The Carinthian painter Hans Bischoffshausen, born in Feld am See in 1927, was one of the leading representatives of the Austrian post-war avant-garde of the 1950s and 1960s. His exhibitions in Venice, Milan, and Paris permitted Bischoffshausen to gain first experiences with the ZERO movement and monochrome painting. Along the lines of ZERO art’s purism, his initially gloomy, material-based art evolved into clear forms and structures.
Bischoffshausen’s monochrome structural reliefs of the 1960s are an expression of his intensive preoccupation with the subject of script, language, and silence, by way of which he sought to grasp the world. In the first retrospective on Bischoffshausen to be presented by a public museum in Vienna, the Belvedere will be honouring the artist with its show More than ZERO – Hans BISCHOFFSHAUSEN from 8 October 2015 to 14 February 2016. The exhibition, installed at the Orangery, will not be limited to Bischoffshausen’s ZERO period, but will also highlight the links to and friendship with the Hildebrand Gallery in Klagenfurt and artists and companions from the Netherlands, Germany, Italy, and France. Bischoffshausen offered valuable support to Hildebrand and his wife when they founded their gallery and advised them on the selection of artists. This led to mutual artist friends, such as Bernard Aubertin, Lucio Fontana, and Hermann De Vries. Bischoffshausen’s artistic environment will be presented in the show in the form of works by his colleagues and friends, so that reciprocal influences between them and the Carinthian painter will become visible.
During the opening of the exhibition on 7 October 2015, a Tableau Feu will be ignited to commemorate the artist Bernard Aubertin, who died on 31 August. The ceremony will be attended by Christine Wetzlinger-Grundnig, Director of the Carinthian Museum of Modern Art, Agnes Husslein-Arco, Director of the Belvedere and 21er Haus, and exhibition curator Harald Krejci.
The exhibition is devoted to the principal works of the multitalented artist Hans Bischoffshausen and also explores mutual artistic relationships between him and his colleagues of the post-war avant-garde in France, Germany, Italy, and the Netherlands. “Where else, if not at the Belvedere, a museum for Austrian art, should such a cultural and art historical review be conducted and presented?”, emphasises Agnes Husslein-Arco, Director of the Belvedere and 21er Haus, adding: “The more so as the critical review of key chapters of Austrian post-war art history has found a firm place and met with concerted expertise in our museum.”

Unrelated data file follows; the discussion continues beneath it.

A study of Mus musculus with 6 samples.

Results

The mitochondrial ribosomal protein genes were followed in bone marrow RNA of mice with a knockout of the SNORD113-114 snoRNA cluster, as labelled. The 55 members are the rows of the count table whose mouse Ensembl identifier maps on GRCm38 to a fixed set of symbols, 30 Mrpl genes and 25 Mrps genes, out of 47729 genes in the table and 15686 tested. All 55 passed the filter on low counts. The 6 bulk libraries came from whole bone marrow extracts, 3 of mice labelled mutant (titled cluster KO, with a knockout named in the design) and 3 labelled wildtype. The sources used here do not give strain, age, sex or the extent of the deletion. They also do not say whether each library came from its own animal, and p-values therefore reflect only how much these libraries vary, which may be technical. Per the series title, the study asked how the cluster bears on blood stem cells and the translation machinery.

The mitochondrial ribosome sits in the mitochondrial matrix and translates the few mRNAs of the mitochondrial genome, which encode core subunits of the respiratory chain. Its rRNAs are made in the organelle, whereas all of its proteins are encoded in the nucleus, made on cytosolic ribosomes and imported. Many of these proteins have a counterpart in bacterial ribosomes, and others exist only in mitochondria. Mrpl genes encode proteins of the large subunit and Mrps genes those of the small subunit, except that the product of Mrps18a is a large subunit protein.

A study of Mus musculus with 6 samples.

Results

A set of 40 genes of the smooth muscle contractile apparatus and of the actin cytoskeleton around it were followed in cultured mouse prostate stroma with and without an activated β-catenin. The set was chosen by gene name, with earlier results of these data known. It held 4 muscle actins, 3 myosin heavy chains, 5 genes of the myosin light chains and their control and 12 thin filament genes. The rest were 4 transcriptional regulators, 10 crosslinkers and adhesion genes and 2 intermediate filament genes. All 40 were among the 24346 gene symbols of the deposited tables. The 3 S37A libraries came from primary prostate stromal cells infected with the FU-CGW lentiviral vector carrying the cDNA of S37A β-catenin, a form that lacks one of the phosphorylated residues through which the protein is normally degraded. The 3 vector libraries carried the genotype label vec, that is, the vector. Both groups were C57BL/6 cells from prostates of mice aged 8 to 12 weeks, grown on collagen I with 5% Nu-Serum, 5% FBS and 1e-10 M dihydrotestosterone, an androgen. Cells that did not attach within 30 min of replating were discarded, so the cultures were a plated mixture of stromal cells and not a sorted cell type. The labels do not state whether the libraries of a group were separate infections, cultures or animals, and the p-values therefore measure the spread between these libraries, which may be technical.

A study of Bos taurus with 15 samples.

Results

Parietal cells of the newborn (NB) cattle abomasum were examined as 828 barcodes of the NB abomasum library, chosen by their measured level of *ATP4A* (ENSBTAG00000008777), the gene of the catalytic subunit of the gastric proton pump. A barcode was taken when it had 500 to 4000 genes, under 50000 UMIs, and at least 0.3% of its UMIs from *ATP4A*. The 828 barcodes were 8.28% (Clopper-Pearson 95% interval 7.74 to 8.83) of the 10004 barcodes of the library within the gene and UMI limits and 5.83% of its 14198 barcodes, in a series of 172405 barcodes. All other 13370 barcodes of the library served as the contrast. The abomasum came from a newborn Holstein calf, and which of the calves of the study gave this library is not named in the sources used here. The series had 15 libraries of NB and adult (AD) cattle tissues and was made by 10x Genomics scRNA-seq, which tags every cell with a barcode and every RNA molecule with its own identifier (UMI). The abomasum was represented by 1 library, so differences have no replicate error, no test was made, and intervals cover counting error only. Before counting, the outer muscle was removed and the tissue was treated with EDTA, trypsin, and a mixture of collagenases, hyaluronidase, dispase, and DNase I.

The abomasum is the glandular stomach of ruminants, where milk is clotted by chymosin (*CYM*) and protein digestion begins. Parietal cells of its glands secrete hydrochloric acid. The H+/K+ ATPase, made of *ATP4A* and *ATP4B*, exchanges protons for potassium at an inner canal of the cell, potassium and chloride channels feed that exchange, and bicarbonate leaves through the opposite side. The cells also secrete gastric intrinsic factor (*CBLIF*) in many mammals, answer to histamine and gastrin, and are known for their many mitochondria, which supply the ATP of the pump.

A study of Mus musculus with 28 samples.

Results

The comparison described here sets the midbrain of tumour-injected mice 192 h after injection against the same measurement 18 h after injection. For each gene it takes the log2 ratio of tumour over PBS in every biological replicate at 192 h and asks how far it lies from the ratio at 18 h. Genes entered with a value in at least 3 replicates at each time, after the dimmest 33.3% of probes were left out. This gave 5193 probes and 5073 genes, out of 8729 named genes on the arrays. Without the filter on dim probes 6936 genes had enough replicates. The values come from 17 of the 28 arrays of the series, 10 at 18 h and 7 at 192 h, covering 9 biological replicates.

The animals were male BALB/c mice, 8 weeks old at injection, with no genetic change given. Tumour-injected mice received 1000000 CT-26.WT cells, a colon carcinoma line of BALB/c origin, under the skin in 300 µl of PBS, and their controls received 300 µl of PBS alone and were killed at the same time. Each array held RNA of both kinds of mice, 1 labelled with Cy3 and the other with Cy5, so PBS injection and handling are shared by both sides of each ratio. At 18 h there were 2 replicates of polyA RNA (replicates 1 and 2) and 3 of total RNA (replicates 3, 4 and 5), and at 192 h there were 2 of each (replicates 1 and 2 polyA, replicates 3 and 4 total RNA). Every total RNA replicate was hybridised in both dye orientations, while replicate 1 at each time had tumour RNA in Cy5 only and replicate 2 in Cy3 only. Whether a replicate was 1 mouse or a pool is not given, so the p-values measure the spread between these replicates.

Bischoffshausen developed his reduced and material-based approach, by which he fathomed the limits of painting, at an early stage, in the context of his journeys to Italy and France.
Gallery visits in Venice and Milan laid the foundation for his art, in which he never ceased to probe the boundaries of painting. If his work was initially determined by a gestural, abstract manner of painting, he subsequently arrived at a new language of form by his use of sand, cement, perforations, and traces of fire, exploring the connections between script and image.
“Together with Arnulf Rainer, Maria Lassnig, Friedensreich Hundertwasser, Josef Mikl, Markus Prachensky, and Hans Staudacher, Bischoffshausen was one of those artists who attracted the attention of the international avant-garde scene as early as the mid-1950s. All of them except him had made their appearance in Paris or had undertaken study trips there in the first half of the 1950s and had therefore been substantially been informed by Art Informel. With Bischoffshausen it was different. His way to the French metropolis led via Italy,” says curator Harald Krejci.
His friendship with the Italian avant-gardist Lucio Fontana, who became world-famous for his slashed canvases, made Bischoffshausen adopt a broader concept of what a work of art might be, which he consistently elaborated after his move to Paris in 1959. Bischoffshausen soon gained access to the French art scene. The visual artist and ZERO representative Bernard Aubertin became an important companion. Between 1962 and 1965, Bischoffshausen’s career progressed rapidly, with shows in France and Germany and his participation in group exhibitions in Italy. Contacts to the international group NUL of Jan Schoonhoven enabled him to also try his success in the Netherlands. His friendship with Herman de Vries and Heinz Mack will also be addressed in the Belvedere’s exhibition.
Besides his artist friend Erwin Thorn, Bischoffshausen numbered among the few Austrian members of the ZERO movement. That Bischoffshausen was well aware of the direction he would take in his art is illustrated by an anecdote he told his parents-in-law in a letter: “A gallery idiot said to me: ‘What do you want? What you do is the end of painting […].’ ‘You are wrong,’ I replied, ‘this is where modern painting begins.’” His individual material iconology and conceptual reorientation in art before and after 1968 made him a leading exponent of the avant-garde. The exhibition seeks to build a bridge between the first material pictures of the 1950s and the Paris period within the ZERO movement. This is also the first time that light will be shed on the 1970s and 1980s. Screening the extensive archives of Ernst and Heide Hildebrand is an essential prerequisite for the publication of Bischoffshausen’s work and thus part of the on-going research on post-war art, which once again highlights an Austrian artist who is unjustly little known in Europe.